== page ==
The last two authors contributed equally in co-supervising the project and conducting experiments. The second and last authors began this project originally as part of their graduate theses.
Global view of the functional molecular organization of the avian cerebrum: Mirror images and functional columns
Article first published online: 25 SEP 2013
Copyright © 2013 Wiley Periodicals, Inc.
Journal of Comparative Neurology
Volume 521, Issue 16, pages 3614–3665, November 2013
How to Cite
Jarvis, E. D., Yu, J., Rivas, M. V., Horita, H., Feenders, G., Whitney, O., Jarvis, S. C., Jarvis, E. R., Kubikova, L., Puck, A. E.P., Siang-Bakshi, C., Martin, S., McElroy, M., Hara, E., Howard, J., Pfenning, A., Mouritsen, H., Chen, C.-C. and Wada, K. (2013), Global view of the functional molecular organization of the avian cerebrum: Mirror images and functional columns. J. Comp. Neurol., 521: 3614–3665. doi: 10.1002/cne.23404
This research was supported over a 10-year period by grants from the Human Frontiers in Science Program Young Investigators Award, National Science Foundation Alan T. Waterman Award, the NIH Director's Pioneer Award, NIMH grant R01-MH62083, NIDCD grant R01-DC007218, American Recovery and Reinvestment Act NIH supplement 3DP1OD000448-04S1, and HHMI to Erich D. Jarvis. The Oldenburg-related work (G.F., H.M.) was supported by a VW Nachwuchsgruppe grant and a Lichtenberg-professorship grant to H.M.
- Issue published online: 25 SEP 2013
- Article first published online: 25 SEP 2013
- Accepted manuscript online: 1 JUL 2013 10:41PM EST
- Manuscript Accepted: 21 JUN 2013
- Manuscript Revised: 19 JUN 2013
- Manuscript Received: 31 OCT 2012
- brain pathways;
- brain organization;
- neural activity;
- motor behavior;
- primary sensory;
- brain evolution;
- neurotransmitter receptors;
- immediate early genes;
- basal ganglia;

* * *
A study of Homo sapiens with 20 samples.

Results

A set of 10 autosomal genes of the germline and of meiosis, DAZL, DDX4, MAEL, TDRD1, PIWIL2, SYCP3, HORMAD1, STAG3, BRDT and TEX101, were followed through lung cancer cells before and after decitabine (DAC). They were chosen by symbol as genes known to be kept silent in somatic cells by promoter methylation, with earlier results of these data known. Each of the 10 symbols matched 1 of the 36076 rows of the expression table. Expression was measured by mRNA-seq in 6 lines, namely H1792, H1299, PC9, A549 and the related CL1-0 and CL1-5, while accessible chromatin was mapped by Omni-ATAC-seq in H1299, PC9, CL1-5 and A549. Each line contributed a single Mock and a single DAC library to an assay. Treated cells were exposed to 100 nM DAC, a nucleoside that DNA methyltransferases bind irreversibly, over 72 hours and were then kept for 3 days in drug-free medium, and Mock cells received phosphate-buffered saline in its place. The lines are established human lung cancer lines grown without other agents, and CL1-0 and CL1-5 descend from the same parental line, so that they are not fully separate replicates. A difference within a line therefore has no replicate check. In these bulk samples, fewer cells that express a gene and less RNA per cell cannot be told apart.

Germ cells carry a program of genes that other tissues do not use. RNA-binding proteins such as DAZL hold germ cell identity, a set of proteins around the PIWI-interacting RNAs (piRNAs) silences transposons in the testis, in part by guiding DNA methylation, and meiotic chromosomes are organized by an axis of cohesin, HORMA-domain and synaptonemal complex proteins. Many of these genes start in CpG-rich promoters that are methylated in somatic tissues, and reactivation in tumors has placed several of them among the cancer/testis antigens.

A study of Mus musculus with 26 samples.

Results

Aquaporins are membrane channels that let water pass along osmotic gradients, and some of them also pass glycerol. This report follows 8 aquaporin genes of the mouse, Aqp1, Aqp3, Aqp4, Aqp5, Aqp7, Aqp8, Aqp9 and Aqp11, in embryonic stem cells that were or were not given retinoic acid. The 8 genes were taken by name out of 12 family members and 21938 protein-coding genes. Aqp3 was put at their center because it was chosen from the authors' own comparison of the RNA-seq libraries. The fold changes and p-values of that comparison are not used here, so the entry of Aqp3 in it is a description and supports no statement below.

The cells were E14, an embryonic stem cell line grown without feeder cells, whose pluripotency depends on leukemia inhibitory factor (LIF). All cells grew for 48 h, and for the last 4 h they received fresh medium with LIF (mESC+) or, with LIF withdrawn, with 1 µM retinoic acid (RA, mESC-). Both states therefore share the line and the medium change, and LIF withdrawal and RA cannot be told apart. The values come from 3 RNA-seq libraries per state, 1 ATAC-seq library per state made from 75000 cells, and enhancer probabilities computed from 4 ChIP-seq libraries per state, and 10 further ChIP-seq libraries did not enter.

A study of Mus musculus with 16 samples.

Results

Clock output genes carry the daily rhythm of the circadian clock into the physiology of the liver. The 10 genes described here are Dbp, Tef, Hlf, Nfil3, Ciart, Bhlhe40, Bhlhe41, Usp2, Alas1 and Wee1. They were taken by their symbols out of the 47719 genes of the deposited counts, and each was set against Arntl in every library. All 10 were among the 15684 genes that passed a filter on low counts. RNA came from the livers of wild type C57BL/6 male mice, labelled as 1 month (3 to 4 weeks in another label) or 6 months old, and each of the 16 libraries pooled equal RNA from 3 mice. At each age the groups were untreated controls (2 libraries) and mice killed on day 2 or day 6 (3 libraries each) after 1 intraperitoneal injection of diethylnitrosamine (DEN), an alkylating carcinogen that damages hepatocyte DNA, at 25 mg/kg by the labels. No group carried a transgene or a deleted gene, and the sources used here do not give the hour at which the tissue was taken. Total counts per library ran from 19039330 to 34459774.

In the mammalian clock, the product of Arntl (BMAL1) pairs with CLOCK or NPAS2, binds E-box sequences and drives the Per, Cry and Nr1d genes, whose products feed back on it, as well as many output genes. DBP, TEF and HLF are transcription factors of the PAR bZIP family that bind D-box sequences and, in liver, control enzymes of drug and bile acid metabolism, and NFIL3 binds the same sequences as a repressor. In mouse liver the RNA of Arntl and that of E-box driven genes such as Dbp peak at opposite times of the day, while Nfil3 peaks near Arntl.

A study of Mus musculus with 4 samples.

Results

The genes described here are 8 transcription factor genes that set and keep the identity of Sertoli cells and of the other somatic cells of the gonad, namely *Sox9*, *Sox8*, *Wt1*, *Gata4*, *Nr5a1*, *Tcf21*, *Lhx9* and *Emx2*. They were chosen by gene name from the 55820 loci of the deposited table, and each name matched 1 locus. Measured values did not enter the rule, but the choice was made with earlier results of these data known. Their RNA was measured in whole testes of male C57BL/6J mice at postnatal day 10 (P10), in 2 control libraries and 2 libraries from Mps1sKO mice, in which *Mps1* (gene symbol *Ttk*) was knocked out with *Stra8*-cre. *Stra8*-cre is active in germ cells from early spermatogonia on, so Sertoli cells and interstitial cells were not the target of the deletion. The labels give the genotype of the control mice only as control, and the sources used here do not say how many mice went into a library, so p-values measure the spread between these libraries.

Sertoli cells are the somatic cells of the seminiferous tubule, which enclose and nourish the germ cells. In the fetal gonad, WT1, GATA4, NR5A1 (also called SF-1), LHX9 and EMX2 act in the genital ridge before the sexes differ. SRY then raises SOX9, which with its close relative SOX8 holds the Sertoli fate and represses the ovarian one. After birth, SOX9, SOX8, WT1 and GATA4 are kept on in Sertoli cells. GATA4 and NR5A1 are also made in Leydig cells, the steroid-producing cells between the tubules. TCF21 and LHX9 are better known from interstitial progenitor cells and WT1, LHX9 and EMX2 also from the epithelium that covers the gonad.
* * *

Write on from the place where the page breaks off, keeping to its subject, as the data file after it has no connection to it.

Based on quantitative cluster analyses of 52 constitutively expressed or behaviorally regulated genes in 23 brain regions, we present a global view of telencephalic organization of birds. The patterns of constitutively expressed genes revealed a partial mirror image organization of three major cell populations that wrap above, around, and below the ventricle and adjacent lamina through the mesopallium. The patterns of behaviorally regulated genes revealed functional columns of activation across boundaries of these cell populations, reminiscent of columns through layers of the mammalian cortex. The avian functionally regulated columns were of two types: those above the ventricle and associated mesopallial lamina, formed by our revised dorsal mesopallium, hyperpallium, and intercalated hyperpallium; and those below the ventricle, formed by our revised ventral mesopallium, nidopallium, and intercalated nidopallium. Based on these findings and known connectivity, we propose that the avian pallium has four major cell populations similar to those in mammalian cortex and some parts of the amygdala: 1) a primary sensory input population (intercalated pallium); 2) a secondary intrapallial population (nidopallium/hyperpallium); 3) a tertiary intrapallial population (mesopallium); and 4) a quaternary output population (the arcopallium). Each population contributes portions to columns that control different sensory or motor systems. We suggest that this organization of cell groups forms by expansion of contiguous developmental cell domains that wrap around the lateral ventricle and its extension through the middle of the mesopallium. We believe that the position of the lateral ventricle and its associated mesopallium lamina has resulted in a conceptual barrier to recognizing related cell groups across its border, thereby confounding our understanding of homologies with mammals. J. Comp. Neurol. 521:3614–3665, 2013. © 2013 Wiley Periodicals, Inc.